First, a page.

By Haydn Shaughnessy
As the G8 begins assembling for the Camp David summit this weekend, the future of the Euro-zone is beginning to look clearer. For Irish, Spanish, Portuguese workers the outlook is grim, with the need for deep wage cuts now being aired. For the Greek is looks like as orderly an exit as possible, as soon as possible. The EU institutions are already making preparations. The consequences for how business might be conducted in Europe, and for any company dependent on European markets are unprecedented. But at last, once unspeakable solutions are now out in the open.
For companies that see business becoming humanised and more social, it is time to start thinking of how a more collaborative work culture can be constructed in what looks like a period of deep wage retrenchment or, alternatively, a period where wealthier European countries assume the debts of smaller peripheral ones, with a knock on effect on consumers there. Whichever way it plays out, the G8 will mark the point where unpalatable changes finally find their way onto the plate.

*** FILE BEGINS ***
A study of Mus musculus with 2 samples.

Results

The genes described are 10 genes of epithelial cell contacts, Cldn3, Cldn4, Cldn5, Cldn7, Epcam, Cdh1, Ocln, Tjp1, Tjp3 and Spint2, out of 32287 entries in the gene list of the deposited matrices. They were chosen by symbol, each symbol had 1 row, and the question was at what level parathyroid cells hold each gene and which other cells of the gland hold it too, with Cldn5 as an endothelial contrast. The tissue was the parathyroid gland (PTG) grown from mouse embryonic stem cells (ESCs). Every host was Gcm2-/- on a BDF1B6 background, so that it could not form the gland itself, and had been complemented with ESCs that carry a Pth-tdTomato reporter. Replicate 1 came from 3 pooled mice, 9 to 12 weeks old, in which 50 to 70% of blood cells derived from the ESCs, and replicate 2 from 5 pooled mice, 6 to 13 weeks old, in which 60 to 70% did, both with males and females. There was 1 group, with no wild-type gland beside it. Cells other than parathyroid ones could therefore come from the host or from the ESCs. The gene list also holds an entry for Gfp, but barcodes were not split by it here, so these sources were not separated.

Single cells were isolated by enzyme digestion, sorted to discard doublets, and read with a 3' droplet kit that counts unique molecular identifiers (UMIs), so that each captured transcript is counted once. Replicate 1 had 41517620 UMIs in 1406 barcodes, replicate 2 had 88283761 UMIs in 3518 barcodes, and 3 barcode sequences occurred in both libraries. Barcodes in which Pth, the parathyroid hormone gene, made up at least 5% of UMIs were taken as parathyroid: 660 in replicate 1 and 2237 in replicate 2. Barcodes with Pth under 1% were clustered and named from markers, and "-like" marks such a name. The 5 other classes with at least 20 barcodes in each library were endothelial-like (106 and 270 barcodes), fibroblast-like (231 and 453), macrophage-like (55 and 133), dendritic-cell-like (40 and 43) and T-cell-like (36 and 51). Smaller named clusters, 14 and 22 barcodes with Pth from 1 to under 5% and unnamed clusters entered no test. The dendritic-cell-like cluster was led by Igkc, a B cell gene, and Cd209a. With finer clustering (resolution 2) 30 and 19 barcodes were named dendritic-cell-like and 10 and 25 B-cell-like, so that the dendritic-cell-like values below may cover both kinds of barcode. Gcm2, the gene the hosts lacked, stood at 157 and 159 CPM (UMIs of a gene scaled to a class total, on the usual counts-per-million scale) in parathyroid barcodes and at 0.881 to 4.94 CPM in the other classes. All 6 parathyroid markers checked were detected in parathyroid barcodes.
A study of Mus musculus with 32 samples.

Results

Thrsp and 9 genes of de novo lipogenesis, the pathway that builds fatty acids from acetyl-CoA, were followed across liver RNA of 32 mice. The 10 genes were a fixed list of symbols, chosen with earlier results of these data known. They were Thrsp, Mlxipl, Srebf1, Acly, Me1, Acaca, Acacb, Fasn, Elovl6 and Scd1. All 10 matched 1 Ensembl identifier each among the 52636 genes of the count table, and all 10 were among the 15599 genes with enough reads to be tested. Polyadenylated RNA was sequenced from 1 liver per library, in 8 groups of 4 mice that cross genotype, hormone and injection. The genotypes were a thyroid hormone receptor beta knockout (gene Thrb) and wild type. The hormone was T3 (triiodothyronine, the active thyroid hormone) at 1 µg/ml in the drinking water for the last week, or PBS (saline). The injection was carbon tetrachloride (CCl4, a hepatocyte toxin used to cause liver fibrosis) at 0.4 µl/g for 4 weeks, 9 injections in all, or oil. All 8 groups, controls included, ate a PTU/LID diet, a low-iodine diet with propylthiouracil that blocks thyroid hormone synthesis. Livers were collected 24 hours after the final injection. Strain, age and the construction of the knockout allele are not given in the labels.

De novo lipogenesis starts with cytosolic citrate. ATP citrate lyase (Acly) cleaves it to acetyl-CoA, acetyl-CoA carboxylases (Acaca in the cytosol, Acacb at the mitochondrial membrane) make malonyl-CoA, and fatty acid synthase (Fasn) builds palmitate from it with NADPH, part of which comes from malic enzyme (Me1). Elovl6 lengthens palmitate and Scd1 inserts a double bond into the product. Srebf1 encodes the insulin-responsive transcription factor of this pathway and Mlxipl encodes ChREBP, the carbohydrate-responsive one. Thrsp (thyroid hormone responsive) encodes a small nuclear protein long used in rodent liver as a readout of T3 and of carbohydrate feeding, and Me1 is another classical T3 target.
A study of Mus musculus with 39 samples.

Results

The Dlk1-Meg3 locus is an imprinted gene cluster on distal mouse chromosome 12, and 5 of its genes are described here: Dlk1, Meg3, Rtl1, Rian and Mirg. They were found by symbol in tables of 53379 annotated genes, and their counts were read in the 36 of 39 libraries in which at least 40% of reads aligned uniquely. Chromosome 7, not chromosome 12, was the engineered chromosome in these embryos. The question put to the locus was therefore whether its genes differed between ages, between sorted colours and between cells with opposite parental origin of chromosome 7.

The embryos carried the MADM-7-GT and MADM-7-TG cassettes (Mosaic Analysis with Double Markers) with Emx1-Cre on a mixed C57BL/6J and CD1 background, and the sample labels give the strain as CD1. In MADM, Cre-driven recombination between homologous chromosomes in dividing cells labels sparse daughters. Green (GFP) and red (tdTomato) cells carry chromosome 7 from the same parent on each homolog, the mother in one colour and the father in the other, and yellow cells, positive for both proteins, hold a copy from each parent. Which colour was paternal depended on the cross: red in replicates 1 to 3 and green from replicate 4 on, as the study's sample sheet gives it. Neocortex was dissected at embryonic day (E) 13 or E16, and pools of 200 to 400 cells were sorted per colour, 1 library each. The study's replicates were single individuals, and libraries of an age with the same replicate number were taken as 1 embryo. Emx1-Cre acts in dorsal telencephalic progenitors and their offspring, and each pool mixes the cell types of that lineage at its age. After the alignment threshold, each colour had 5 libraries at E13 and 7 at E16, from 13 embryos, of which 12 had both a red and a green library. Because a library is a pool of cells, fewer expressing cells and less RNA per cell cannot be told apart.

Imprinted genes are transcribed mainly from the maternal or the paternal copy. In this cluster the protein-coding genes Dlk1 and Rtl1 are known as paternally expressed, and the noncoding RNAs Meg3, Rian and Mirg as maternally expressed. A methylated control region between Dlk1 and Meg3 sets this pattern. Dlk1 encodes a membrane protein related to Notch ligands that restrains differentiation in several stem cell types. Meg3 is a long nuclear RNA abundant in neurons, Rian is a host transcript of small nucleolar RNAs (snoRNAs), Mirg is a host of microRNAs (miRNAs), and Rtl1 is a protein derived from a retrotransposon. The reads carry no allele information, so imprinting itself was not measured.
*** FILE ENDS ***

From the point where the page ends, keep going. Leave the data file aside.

First those wage reductions. In a startling documentary broadcast by the BBC last night (The Greaet Euro Crash), former German Chancellor Gerhard Schroeder set out how Germany had grasped the nettle of global competition and won concessions from labor unions that allowed Germany to be competitive, particularly against the Chinese. Few people think of Germany as a country that has reduced its effective wage rates, but that is Schroeder's claim.
Professor Hans-Werner Sinn of the University of Munich, and a member of the Germany Economic Ministry's advisory board, meanwhile, pointed out that labor costs in Spain and Ireland had increased by 30 â¿¿ 40% more than they had in Germany during the same period. So the inference is that Germany cut its cloth to suit global economic conditions, and reaped the benefit. The PIGS did not.